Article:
Alyssa Milano throws shade at Miley Cyrus, defends breastfeeding selfies

Alyssa Milano is totally fine with being known for her breasts.

The Who’s the Boss? star is mother to one-year-old Elizabella and four-year-old Milo, and she’s been a vocal advocate for women who want to openly breastfeed their children. She routinely posts photos of herself breastfeeding on her Instagram.

First day back at work! Shooting for @marieclairemag with @linhhair and @collierstrong and wearing my @marissawebb! #blessed

A photo posted by Alyssa Milano (@milano_alyssa) on

Make-up, hair in rollers, breastfeeding and being prepped by our producer for #TheTalk.

A photo posted by Alyssa Milano (@milano_alyssa) on

In celebration of Elizabella’s first birthday, she posted her most revealing breastfeeding photo yet, showing that she has no plans of going back on her mission.

In an interview with Entertainment Tonight on Tuesday, the actress said she didn’t care about the backlash she tends to experience after posting breastfeeding photos. “I’m going to keep breastfeeding, maybe even until [Elizabella is] 6!” she joked.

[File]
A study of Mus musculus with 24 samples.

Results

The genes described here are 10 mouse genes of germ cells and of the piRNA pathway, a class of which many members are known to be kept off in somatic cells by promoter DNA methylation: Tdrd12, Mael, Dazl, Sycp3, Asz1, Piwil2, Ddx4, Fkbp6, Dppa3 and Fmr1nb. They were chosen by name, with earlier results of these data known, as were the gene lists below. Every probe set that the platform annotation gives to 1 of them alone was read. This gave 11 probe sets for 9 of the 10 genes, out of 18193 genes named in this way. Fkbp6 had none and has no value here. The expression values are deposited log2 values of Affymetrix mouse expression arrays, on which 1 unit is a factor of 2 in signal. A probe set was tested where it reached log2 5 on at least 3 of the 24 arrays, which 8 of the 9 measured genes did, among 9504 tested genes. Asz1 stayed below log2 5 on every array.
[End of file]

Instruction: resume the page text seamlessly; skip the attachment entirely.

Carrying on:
“When I post pictures of me breastfeeding Bella, it’s not that I’m trying to be very outspoken about breastfeeding, it’s that it’s a very special moment in my life,” Milano told People. “What [other people] take from that is a whole other thing. Support from not only breastfeeding moms, but moms everywhere, has been really powerful and really overwhelming.”

But after defending her choices on ET, she took aim at another person fond of exposing her nipples: Miley Cyrus.

“Everyone’s fine with her nipples being out,” she said. “I think people are more comfortable sexualizing breasts than relating them to what they were made for, which is feeding another human.”

Look out for Alyssa Milano in Miley’s next video.

H/T People | Photo via Alyssa Milano/Instagram

Marisa Kabas

Marisa Kabas

Marisa Kabas is a lifestyle reporter and activist. Her work has been published by Fusion, Fast Company, and Today. She’s also served as an editorial campaigns director for Purpose PBC, a social movement incubator.